Shortly before the NBA season began, Phil Jackson announced that the New York Knicks had begun "mindfulness" training to make them better understand and appreciate being and breathing in the moment. Nobody was too surprised that a few months into his role as president of basketball operations, a man known as 'Zen Master' was preaching the need to always find inner calm amid turmoil. When his team subsequently lost 20 out of their first 24 games, however, no amount of Buddhist meditation techniques were likely to be enough to keep the peace.
During a recent defeat by local rivals, the Brooklyn Nets, the Knicks' star turn Carmelo Anthony threatened to beat up team-mate Tim Hardaway Jnr. Signed to a five-year $124m contract extension last summer, the notoriously selfish Anthony took umbrage when his younger colleague had the temerity to shout "get the rebound" in his direction. On the way back down the court, he cursed Hardaway out and told him he'd pay for it in the locker-room later. They never did come to blows but their feud is apparently only one of many simmering conflicts in a club riven by dissent.
The players seem reluctant to defend when they don't have possession and are reportedly unhappy at being made to work out the day after games. Rookie coach Derek Fisher looks like a man learning on the job, constantly chopping and changing line-ups. Both Fisher and the team appear baffled by Jackson's diktat that they must play the triangle offense, a tactical approach that served him well when he led the Chicago Bulls and the Los Angeles Lakers to 11 titles. Of course, those storied tactics were that bit more effective when being deployed around one-off talents like Michael Jordan and Kobe Bryant.
Before becoming the NBA coach with the highest winning percentage, Jackson played on the last New York team to win a title back in 1973, and his return to Madison Square Garden was supposed to be a triumphant homecoming. Lured out of retirement following a meeting with the Knicks' owner James Dolan at a Hollywood party last Christmas, and an ensuing offer of $12 million (€9.7million) a season, he told his opening press conference back in March, "This is the best place to play basketball." The problem is that statement hasn't really held true for a long, long time.
Took over reins
In the autumn of 1999, shortly after the Knicks were defeated in the NBA finals by the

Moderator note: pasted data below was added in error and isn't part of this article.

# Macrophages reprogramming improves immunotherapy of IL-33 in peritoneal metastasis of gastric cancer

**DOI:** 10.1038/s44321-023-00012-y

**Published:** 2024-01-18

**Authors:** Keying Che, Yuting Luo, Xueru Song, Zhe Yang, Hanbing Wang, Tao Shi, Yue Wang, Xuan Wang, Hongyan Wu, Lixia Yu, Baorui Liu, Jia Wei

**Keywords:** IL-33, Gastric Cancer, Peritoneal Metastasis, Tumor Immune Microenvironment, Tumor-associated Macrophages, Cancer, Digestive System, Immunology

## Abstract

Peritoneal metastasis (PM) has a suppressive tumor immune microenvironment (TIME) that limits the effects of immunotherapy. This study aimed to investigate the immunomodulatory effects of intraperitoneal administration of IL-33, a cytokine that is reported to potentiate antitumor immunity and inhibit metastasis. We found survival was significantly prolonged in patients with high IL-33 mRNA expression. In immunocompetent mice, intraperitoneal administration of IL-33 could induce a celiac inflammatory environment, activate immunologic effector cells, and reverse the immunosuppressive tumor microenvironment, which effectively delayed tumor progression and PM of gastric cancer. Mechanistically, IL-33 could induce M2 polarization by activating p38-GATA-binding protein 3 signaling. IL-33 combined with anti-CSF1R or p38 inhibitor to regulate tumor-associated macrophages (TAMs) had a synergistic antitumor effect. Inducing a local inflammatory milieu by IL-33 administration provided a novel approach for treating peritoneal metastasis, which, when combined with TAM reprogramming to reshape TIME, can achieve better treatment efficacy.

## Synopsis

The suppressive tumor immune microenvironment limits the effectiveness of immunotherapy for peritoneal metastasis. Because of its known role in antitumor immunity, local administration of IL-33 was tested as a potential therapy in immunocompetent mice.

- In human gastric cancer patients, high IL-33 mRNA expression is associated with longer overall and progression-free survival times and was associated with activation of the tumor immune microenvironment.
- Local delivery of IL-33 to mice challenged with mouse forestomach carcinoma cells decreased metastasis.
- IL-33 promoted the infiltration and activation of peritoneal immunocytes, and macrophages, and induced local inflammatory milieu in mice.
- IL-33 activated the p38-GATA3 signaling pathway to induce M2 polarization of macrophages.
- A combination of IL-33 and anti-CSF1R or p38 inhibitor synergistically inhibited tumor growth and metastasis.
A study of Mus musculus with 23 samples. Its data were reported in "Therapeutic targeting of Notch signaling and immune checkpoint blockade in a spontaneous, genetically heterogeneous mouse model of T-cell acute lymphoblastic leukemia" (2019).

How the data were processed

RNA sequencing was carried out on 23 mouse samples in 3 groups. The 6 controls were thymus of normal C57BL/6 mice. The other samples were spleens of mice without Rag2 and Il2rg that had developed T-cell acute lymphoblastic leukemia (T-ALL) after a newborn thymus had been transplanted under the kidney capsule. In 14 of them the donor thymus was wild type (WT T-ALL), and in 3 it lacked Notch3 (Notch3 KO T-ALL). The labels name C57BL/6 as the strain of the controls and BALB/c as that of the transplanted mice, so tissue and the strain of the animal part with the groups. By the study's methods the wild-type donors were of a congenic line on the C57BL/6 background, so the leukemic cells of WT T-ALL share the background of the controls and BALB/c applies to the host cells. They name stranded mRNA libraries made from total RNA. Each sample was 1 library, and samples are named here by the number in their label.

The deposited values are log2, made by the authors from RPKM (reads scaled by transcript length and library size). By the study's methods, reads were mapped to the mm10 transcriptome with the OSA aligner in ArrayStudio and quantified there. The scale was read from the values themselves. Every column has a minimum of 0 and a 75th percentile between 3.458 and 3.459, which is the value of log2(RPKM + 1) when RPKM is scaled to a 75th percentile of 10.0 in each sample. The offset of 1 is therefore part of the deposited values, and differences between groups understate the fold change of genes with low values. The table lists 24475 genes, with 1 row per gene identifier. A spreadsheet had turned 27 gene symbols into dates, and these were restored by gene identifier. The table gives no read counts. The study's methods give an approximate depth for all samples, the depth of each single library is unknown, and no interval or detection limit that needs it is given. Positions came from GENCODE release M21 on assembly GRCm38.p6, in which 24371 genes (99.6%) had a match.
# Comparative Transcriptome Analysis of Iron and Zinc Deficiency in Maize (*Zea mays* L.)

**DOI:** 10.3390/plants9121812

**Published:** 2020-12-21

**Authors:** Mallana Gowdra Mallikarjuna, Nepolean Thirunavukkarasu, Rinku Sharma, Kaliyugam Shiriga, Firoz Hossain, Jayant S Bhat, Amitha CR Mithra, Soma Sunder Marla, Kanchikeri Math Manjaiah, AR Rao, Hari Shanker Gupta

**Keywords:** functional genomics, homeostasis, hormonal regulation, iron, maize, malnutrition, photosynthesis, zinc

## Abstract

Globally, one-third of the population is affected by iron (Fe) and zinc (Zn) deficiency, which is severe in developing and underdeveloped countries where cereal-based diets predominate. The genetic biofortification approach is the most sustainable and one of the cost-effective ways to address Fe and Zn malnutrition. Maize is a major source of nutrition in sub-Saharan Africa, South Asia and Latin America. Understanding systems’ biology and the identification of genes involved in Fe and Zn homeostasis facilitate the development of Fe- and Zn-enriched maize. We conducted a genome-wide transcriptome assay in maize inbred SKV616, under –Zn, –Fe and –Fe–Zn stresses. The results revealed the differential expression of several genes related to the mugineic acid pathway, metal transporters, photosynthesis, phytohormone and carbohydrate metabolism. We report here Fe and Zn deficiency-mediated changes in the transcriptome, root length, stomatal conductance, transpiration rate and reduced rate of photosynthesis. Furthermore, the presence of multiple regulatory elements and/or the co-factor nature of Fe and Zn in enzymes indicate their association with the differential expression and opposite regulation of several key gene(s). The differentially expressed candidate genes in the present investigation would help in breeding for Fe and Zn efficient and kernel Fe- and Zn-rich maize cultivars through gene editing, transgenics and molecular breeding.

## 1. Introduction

Spurs, Dolan took over the reins, the club essentially being gifted to him by his father Charles, founder of Cablevision, a television and communications giant. Since then the Spurs have won four more titles, whereas New York have only been as far as the second round of the play-offs once.
Aside from failing to contend, and going through nine different coaches in that time, the club has also become synonymous with dysfunction, an unfortunate tendency many reckon coincided with Dolan’s ascension to the top job.
Even by the gaudy standards of American sports ownership, Dolan cuts an especially cartoonish Richie Rich figure. A wannabe rock star who helicopters session musicians to his Long Island mansion for rehearsals, his blues band JD and the Straight Shot released a rather crass single earlier this year called Under That Hood, dealing with the controversial shooting death of hoodie-wearing Florida teenager Trayvon Martin. When it comes to the Knicks, the 59-year-old alternates between micro-managing (picking the cheerleaders' outfits) and just plain tomfoolery (trying to impress free agents from other teams by handing them CDs of his music).
Meanwhile, the long-suffering Knicks’ faithful continue to pay the most expensive ticket prices in the sport (more than twice what the Spurs ask of their supporters), and fork over $7 (€5.60) for soft drinks and $12 for beers. Why? Well, because the owner has spent hugely but almost never wisely on the club.
When a team employee brought a $5m sexual harassment case against then coach Isiah Thomas back in 2007, Dolan refused to settle out of court and ended up paying $11.5m. That this mistake might struggle to make the Knicks' top 10 most expensive errors of the past decade sums up their profligacy.
In a league with a strict salary cap where one bad personnel move can cripple a club for years, Dolan has repeatedly overpaid players and coaches, and too often ended up having to buy them out of lengthy contracts to stop the bleeding. After just one disastrous season in charge, Larry Brown was given $18m to walk away back in 2006. That the current side vies with the Philadelphia 76ers for the title of worst team while boasting two of the top five earners in Anthony and the injury-prone Amare Stoudemire shows that little has changed in the meantime.
Indeed, things have reached such a sorry pass that some Knicks' fans are now hoping the team keeps losing in order to better improve the chances of snagging a young superstar like Duke University centre Jahil Okafor in next summer's draft. The problem with that approach is it requires a modicum of patience and a lot of long-term planning, and, even before Jackson came back to town trailing mantras about mindfulness, the Knicks, Dolan and New York have always been all about living in the moment.